Keep Your Child Healthy and Active Over Summer Break
by Beth Werrell5 min to read
Learning how to spell can be tedious for kids, and tedium can make anything boring. Every parent is well acquainted with just how little patience most children have for boredom. So ditch the boredom—and the resulting resistance—by "gamifying" spelling exercises. By making learning fun, you increase children’s motivation to do the work. And with their brains more fully engaged, they learn faster.
We’ve put together a list of our favorite spelling games. Pick a few to try with your little learners to see just how much fun building neural pathways can be.
You may have never considered them in this way, but word searches are a good way to teach students the visual appearance of a word. Often, there will be a number of near misses, and your child will have to separate the correct choices from all the mistakes. The word search is a great option for visual learners. If you want to create your own word searches, there are a number of resources that allow you to create them using any words you want, and several of them are free, like the one by Discovery Education.
Similar in concept to word searches, but with an added twist, crossword puzzles are an excellent choice for young readers because they require not only spelling skills (children will trip themselves up if they spell the words incorrectly) but also reading comprehension and problem-solving (in that the crossword clues are similar to riddles). You can also vary the difficulty, making the hints obvious or obscure. If you want a free resource for crossword puzzles, then Discovery Education has your back again with this one.
A good way to test spelling knowledge is to hold a spelling bee. Since it’s not an official competition, you can modify the rules slightly, giving children a chance to rebound from mistakes or keeping a tally of correct answers. That way, nobody is ever eliminated, and everyone gets to feel some accomplishment as they spell some of the words correctly. (Fun little prizes are always a nice surprise, too!)
A classic game, hangman helps kids work together as a team and can help them learn where they’re spelling a word wrong without feeling solely responsible for mistakes. Be sure to incentivize the team by awarding points or handing out some form of reward to get them excited about winning.
Vanishing Man is like hangman in reverse—you break the players into two teams (which can be as small as one player each) and draw stick figures for each team. The goal is to get the stick figure to disappear one body part at a time as the contestants spell words correctly. The team that makes their vanishing man invisible first wins. Feel free to vary the difficulty of words if you have players of different ages and ability levels.
We borrow this one from Deceptively Educational: “Take the traditional game of battleship and turn it into a spelling game.” This is a great choice for groups of children at similar grade levels who can be paired up.
This one, which we found on Learners in Bloom, is great for kids who like to make a little noise. “To play, we turned the words over and the girls (and Mom) took turns picking a word. For each turn, the player [who] picked the word had to sound it out and then jump on the letters in order. I usually called out the phonetic sounds of each letter in order as they jumped, but older kids could be invited to remember the order of the letters themselves by sounding out the word slowly as they jump.” And it’s always great to pair movement and learning!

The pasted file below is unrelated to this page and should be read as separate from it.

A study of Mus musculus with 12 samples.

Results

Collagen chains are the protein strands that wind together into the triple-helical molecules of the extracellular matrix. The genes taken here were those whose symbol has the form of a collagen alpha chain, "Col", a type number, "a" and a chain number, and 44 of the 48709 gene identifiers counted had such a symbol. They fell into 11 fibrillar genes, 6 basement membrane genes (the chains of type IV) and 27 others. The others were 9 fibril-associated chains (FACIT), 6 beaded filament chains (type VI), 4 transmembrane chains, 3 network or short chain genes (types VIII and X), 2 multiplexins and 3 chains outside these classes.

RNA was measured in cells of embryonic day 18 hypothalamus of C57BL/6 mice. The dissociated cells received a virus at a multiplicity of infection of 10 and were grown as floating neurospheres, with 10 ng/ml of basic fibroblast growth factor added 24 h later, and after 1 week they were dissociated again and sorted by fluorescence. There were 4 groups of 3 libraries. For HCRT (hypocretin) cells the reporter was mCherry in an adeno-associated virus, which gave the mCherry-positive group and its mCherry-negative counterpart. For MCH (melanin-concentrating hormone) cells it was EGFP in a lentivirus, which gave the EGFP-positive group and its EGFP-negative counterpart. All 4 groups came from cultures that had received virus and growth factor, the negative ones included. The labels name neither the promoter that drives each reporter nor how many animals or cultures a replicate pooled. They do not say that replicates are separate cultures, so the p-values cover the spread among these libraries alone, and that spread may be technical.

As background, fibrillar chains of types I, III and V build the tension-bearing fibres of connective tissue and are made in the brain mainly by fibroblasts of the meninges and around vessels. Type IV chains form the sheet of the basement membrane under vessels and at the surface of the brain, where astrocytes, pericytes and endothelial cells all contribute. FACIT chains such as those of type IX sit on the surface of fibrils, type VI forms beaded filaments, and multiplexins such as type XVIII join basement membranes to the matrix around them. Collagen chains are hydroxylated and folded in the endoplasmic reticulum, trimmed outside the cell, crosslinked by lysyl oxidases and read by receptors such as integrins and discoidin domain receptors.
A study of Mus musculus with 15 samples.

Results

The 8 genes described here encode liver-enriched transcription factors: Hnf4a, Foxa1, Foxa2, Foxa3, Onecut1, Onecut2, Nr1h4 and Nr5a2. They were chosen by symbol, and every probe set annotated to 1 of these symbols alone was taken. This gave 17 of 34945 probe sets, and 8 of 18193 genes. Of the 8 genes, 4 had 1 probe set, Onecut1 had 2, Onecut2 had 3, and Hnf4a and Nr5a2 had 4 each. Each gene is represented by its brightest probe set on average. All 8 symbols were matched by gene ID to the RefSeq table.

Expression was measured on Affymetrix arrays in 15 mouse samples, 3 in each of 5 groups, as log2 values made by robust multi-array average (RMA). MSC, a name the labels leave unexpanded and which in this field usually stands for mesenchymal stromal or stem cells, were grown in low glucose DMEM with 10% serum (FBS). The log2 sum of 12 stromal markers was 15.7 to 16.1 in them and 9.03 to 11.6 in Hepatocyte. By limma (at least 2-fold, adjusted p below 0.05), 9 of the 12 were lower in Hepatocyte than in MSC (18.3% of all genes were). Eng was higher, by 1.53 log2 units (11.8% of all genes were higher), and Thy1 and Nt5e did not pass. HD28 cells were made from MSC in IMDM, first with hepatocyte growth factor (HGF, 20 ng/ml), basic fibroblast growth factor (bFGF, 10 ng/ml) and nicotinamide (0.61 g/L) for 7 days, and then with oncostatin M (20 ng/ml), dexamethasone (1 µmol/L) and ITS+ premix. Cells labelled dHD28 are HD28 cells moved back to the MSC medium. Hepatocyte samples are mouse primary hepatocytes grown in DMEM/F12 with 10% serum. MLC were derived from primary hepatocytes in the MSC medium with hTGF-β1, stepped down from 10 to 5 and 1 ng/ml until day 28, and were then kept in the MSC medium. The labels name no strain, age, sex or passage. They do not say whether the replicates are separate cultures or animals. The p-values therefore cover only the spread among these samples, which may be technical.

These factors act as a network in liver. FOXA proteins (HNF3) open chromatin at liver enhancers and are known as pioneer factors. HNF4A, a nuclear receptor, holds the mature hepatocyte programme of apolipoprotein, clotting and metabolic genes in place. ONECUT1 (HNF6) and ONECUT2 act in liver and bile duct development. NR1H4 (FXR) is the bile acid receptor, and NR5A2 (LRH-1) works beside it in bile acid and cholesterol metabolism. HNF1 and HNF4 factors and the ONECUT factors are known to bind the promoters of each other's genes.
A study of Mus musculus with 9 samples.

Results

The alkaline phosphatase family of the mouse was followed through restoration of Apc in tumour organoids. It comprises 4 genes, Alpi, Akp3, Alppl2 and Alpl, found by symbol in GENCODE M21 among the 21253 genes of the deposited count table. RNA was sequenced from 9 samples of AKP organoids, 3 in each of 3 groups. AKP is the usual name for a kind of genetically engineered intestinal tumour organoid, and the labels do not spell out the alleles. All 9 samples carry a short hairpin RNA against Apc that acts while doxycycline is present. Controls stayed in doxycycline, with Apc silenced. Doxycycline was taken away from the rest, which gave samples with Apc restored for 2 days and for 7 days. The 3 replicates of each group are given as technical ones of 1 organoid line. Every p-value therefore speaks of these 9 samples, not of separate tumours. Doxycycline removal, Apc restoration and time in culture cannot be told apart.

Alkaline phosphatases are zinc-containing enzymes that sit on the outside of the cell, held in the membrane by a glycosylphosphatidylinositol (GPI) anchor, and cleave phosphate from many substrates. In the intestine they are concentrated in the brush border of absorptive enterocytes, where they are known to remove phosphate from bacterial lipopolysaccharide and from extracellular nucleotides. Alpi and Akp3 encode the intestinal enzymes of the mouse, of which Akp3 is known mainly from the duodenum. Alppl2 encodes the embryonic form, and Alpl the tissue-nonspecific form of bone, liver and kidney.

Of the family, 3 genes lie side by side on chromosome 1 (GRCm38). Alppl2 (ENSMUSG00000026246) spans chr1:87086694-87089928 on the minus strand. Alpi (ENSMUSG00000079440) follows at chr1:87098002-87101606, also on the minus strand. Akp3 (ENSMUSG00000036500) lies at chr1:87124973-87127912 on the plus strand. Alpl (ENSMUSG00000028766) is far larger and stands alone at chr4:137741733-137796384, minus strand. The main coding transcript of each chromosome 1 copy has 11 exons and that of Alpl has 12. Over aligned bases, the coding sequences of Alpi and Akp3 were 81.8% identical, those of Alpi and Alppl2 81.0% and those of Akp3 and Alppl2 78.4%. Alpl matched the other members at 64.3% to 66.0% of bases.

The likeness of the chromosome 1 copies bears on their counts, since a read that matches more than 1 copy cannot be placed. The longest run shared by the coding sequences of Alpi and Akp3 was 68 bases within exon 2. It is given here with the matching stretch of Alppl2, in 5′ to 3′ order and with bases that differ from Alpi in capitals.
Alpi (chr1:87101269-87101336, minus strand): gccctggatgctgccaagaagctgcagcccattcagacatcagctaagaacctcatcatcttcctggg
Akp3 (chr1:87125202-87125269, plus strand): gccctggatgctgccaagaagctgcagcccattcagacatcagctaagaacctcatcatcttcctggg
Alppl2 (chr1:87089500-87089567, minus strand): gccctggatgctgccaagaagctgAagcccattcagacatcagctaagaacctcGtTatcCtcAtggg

Another great game for getting the wiggles out, Slap the Word is very simple. Put a group of similarly spelled words on a board, and give two players each a flyswatter. Call out words from the board. Whoever correctly locates and slaps the word wins a point. If you have more than two players, have them take turns to share in the fun.
It’s been said that “good artists borrow; great artists steal” (a quote that, fittingly, has been attributed to nearly every prominent writer). We’re not encouraging the theft of this board game, but we are suggesting that you don’t necessarily have to build your own activity when someone else has done the work for you. Pick up a copy of the game, or pull your old Scrabble board out of the closet, and start playing.
If you want to aim at specific spelling words, try setting up the board with the words partially spelled already, or pick out the letters you give to the players.
This game, which comes by way of Busy Teacher, is a little more free-form and requires the players to have a larger repertoire of words they know how to spell. Take a collection of cups (preferably disposable ones) and write a letter on the bottom of each of them. Then line them up in a grid on a table. Each player takes turns bouncing a Ping-Pong ball into one of the cups. Then the player has to spell a word using the letter on the bottom.
To increase the challenge, see how many words players can spell within a certain amount of time. For larger groups, set up two grids and have two players race to see who can spell a word first.
And there you have it: a variety of fun ways to convince your children to practice their spelling. Feel free to invite the rest of the family or a group of your children’s friends. Odds are, they’ll have so much fun that they won’t even be bothered that they’re learning, which is, of course, the best kind of education.